By 10 months of age, many babies are crawling or even cruising, walking with the aid of furniture. They're still testing almost everything with their mouths, and their newfound ability to move has them reaching for things that were once out of reach, especially if they can pull themselves up. At this age, nearly anything that a baby can play with safely is a learning tool.
Wooden blocks are a classic baby toy, and for good reason: babies love to stack them, beginning at about this age. Ten-month-old babies are able to better manipulate objects than before, but their hand control isn't yet perfect. After stacking four or five blocks, they may inadvertently knock them all down---to their surprise and delight---making it a game of stacking and crashing.
A bouncy ball that's small enough for a 10-month-old baby's hands, but not small enough to fit into his mouth, can provide interactive fun as well as a lesson in physics. Sit on the floor with your baby and roll the ball back and forth, or hand it to him while he's standing and watch him drop it. Balls are unpredictable for babies, and give them different outcomes when they throw it, drop it or roll it.
Realistic-looking toy telephones---especially toy cellular phones---offer 10-month-old babies a way to imitate their parents and interact with them. Babies at this age babble into the phone, holding a one-sided conversation with pauses and tonal changes, just like their parents.
Moving objects and filling and emptying containers are two fascinating processes for 10-month-olds. Use two small laundry baskets or two clear plastic containers to transfer objects, such as stuffed animals, from one to the other---demonstrating the difference between empty and full. A bucket and shovel work in much the same way outside in the yard or at the beach, as babies fill their buckets with dirt or sand and then dump them back out.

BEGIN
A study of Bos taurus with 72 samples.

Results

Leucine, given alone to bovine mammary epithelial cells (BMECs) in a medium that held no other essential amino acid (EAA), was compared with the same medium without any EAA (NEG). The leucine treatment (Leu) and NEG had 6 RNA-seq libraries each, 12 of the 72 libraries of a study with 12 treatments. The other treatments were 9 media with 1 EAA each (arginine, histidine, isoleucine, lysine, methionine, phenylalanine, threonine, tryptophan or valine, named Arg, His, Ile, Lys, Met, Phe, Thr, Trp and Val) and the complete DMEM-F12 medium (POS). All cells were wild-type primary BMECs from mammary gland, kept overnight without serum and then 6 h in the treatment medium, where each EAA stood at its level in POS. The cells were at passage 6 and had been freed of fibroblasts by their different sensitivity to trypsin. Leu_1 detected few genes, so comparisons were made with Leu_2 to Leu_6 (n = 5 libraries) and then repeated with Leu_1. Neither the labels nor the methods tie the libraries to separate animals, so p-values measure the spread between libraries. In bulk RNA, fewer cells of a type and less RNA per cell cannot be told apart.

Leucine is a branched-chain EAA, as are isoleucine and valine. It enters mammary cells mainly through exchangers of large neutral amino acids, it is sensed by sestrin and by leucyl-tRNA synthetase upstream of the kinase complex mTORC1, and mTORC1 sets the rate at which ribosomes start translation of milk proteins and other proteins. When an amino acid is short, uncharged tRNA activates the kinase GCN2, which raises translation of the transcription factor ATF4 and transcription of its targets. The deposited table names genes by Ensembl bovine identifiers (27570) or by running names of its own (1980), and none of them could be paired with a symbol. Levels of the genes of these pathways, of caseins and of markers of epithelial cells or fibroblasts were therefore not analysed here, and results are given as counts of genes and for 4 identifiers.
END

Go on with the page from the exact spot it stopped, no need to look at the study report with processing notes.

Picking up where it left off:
Push toys are ideal for babies who are learning how to walk. If they're weighted, they offer some support for standing babies to push into while taking those first steps. Wagons and little cars are more heavily weighted than little wooden push toys with stick handles, such as a dog on wheels. Pull toys are reserved for walkers who can look behind them while walking forward.
Babies at this age have longer attention spans and are fascinated by sounds. Any noisemaking toys that are safe for them to play with offer an opportunity to learn. Pots and pans and wooden spoons are tried and true makeshift noise toys. An unopened box of rice makes a different noise, as does a handful of popcorn kernels in a tightly lidded plastic bottle.
Problem-solving skills are more developed---and continue to develop rapidly---in 10-month-old babies. Shape-sorting toys offer a challenge to this developing skill. Babies learn quickly that a square block won't fit through a round hole, and may experience a little frustration and intense concentration as they go through this trial and error.